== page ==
This exquisite relief depicting Christ in benediction is known in only two other closely-related examples: in the Bode Museum in Berlin, and the Kunsthistorisches Museum in Vienna (for illustrations see Planiscig, 1921, op. cit., fig. 220 and Planiscig, 1924, op. cit., fig. 146). It is undoubtedly the finest cast of the three. A fourth plaquette which appeared on the art market in 1984 (Christie’s London, 15 May, lot 98) appears to be a roughly contemporary ajouree example executed by a different hand.
On stylistic grounds, the relief was first connected by Leo Planiscig to three other bronze reliefs depicting the Coronation of the Virgin, the Assumption of the Virgin and the Twelve Apostles, all of which originally formed part of the funeral monument to the doges Marco and Agostino Barbarigo in the church of Santa Maria della Carita in Venice (dismantled in 1807, the reliefs are now in the Ca’ d’Oro; Planiscig, 1921, loc. cit.). It is from these reliefs that the unidentified author takes his name. All four reliefs share the same classicising drapery, slightly ovoid faces and the distinctive background which is given texture through the repeated use of a circular punch. As Laura Camins has pointed out, the head and drapery of the apostle just to the right of the central pair in the Twelve Apostles, is particularly close to the present bust of Christ (loc. cit.). Several other bronzes have also been connected to this group including a relief of St Jerome, also in Berlin (Krahn, op. cit., no. 51, pp. 187-189).
Numerous proposals for the authorship of these bronzes have been put forward, but none has been universally accepted to date (for a summary, see Camins, Ioc. cit.). However it would seem that the most likely candidates are Antonio Lombardo or his brother Tullio, whose father Pietro was probably responsible for the design of the Barbarigo monument (for the attribution of the monument to Pietro Lombardo see Markham Schulz, loc. cit.).
In the late fifteenth and early sixteenth centuries, the Lombardo family dominated the world of Venetian sculpture, with eight out of nine doges being commemorated by a tomb executed by either Pietro or Tullio Lombardo (Markham Schulz, op. cit., p. 187). Among the most relevant commissions in the present context is the baldachino relief of God the Father surrounded by cherubs in the Zen Chapel of San Marco in Venice (illustrated in Planiscig, 1921, op. cit. fig. 229). The chapel, which was commissioned following the death of the wealthy Cardinal Giovanni Battista Zen in 1501, was designed by Antonio Lombardo. The main altar houses free-standing bronzes of the Virgin and Child Enthroned flanked by standing figures of SS Peter and John the Baptist. The relief of God the Father adorns the underside of the architectural canopy which protects them.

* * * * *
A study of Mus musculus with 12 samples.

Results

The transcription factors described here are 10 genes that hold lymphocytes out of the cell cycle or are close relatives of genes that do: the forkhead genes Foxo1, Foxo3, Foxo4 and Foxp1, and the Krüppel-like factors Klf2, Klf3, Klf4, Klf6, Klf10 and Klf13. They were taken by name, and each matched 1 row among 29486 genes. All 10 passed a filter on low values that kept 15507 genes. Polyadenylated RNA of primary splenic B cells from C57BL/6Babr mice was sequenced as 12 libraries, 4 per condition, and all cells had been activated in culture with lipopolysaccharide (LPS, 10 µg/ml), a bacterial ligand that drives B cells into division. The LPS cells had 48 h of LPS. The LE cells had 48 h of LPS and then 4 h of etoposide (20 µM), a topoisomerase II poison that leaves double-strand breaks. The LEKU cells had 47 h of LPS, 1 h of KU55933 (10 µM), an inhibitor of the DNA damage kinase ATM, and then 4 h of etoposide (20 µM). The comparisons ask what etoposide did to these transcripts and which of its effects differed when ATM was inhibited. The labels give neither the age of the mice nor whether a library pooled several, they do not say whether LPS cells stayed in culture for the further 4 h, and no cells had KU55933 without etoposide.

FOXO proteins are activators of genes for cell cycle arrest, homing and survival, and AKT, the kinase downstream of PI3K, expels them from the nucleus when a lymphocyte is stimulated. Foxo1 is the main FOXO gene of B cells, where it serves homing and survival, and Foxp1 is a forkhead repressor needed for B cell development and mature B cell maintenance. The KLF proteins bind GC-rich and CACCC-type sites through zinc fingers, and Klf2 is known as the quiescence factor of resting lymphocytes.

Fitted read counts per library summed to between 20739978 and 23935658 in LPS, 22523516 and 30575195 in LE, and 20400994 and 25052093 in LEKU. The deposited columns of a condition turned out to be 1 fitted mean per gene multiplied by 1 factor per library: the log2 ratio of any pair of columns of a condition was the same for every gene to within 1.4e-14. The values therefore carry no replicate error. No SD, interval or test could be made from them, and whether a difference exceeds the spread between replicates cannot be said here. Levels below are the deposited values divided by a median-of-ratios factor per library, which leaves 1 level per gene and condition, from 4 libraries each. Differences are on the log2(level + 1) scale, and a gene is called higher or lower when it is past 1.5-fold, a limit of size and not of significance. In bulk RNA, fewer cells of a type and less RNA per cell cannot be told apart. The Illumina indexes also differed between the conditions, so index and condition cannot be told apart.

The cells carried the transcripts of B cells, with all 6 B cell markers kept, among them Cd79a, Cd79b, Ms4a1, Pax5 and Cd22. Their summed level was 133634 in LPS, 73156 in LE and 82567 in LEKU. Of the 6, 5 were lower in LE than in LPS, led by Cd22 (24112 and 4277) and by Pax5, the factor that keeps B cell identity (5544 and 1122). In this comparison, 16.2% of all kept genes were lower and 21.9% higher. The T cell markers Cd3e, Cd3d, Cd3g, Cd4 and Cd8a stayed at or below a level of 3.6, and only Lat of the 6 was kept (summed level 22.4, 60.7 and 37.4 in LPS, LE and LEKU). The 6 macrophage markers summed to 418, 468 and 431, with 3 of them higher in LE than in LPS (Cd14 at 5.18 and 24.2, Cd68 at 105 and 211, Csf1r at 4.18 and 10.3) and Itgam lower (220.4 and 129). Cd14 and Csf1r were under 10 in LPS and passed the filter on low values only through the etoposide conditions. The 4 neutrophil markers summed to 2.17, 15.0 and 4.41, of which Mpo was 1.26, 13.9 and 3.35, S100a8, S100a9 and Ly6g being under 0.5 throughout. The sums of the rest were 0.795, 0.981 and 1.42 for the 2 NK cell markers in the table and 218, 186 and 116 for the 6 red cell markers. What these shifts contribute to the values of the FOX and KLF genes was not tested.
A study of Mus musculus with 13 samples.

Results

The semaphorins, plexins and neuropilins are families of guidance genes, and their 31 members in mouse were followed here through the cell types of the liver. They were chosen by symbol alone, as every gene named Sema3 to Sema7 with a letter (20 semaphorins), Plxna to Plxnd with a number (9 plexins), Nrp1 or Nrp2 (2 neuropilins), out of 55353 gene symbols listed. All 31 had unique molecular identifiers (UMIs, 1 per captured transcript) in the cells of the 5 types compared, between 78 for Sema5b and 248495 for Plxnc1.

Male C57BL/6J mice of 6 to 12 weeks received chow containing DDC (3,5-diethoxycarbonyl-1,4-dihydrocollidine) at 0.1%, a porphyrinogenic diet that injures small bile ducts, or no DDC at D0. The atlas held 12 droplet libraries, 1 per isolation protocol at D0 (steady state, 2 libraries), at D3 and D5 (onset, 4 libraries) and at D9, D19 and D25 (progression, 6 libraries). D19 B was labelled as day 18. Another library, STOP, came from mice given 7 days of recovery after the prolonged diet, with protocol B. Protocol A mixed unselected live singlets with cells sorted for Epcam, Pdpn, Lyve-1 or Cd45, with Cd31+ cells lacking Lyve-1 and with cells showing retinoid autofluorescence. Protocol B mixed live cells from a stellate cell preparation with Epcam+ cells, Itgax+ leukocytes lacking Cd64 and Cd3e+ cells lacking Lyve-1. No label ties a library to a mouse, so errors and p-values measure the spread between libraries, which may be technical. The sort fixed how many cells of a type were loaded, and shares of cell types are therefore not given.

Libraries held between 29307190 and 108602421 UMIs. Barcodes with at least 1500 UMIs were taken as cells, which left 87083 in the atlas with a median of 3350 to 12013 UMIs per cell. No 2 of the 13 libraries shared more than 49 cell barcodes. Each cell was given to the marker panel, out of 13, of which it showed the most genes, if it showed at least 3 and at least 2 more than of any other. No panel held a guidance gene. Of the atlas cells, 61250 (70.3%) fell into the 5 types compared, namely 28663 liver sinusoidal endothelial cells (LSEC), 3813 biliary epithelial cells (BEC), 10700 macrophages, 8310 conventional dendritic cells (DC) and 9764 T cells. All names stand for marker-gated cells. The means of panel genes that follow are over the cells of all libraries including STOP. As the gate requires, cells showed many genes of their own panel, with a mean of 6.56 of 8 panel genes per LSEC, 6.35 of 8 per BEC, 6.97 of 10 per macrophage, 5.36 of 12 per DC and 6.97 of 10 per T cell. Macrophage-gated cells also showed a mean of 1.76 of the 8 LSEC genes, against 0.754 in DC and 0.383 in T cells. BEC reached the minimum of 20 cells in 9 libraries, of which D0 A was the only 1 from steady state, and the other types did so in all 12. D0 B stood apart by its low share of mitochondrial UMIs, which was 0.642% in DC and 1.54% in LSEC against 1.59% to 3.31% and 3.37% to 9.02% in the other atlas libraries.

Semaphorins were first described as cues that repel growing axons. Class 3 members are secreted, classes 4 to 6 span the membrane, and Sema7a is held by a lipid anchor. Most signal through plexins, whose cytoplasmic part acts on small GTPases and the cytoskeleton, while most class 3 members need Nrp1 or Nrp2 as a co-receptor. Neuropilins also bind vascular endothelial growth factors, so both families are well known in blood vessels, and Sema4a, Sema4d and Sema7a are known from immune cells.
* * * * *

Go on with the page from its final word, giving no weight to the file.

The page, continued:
Although executed on a much larger scale, the figure of God the Father has the same delicate folds of drapery, a similar treatment of the hair and beard, and the distinctive mouth with parted lips as can be seen on the present relief of Christ. In addition, the cherub heads surrounding the central figure of God are closely related to a number of casts of small busts of female figures which are therefore also attributed to Antonio Lombardo. These female busts, two examples of which are in the Galleria Estense, Modena (illustrated in Krahn, op. cit., p. 41), are even more closely related to the present figure of Christ. The wavy modelling of the hair which is then further defined with fine individual strands, the simplified planes of the face and the parted lips are all highly reminiscent of the Christ offered here. It therefore seems likely that the Master of the Barbarigo reliefs is, in fact, Antonio Lombardo, and that he was commissioned to execute the bronze reliefs for the Barbarigo monument designed by his father. However, regardless of its authorship, the present relief has a monumentality and power – even on this small scale - that is a testament to the extraordinary talent of its creator.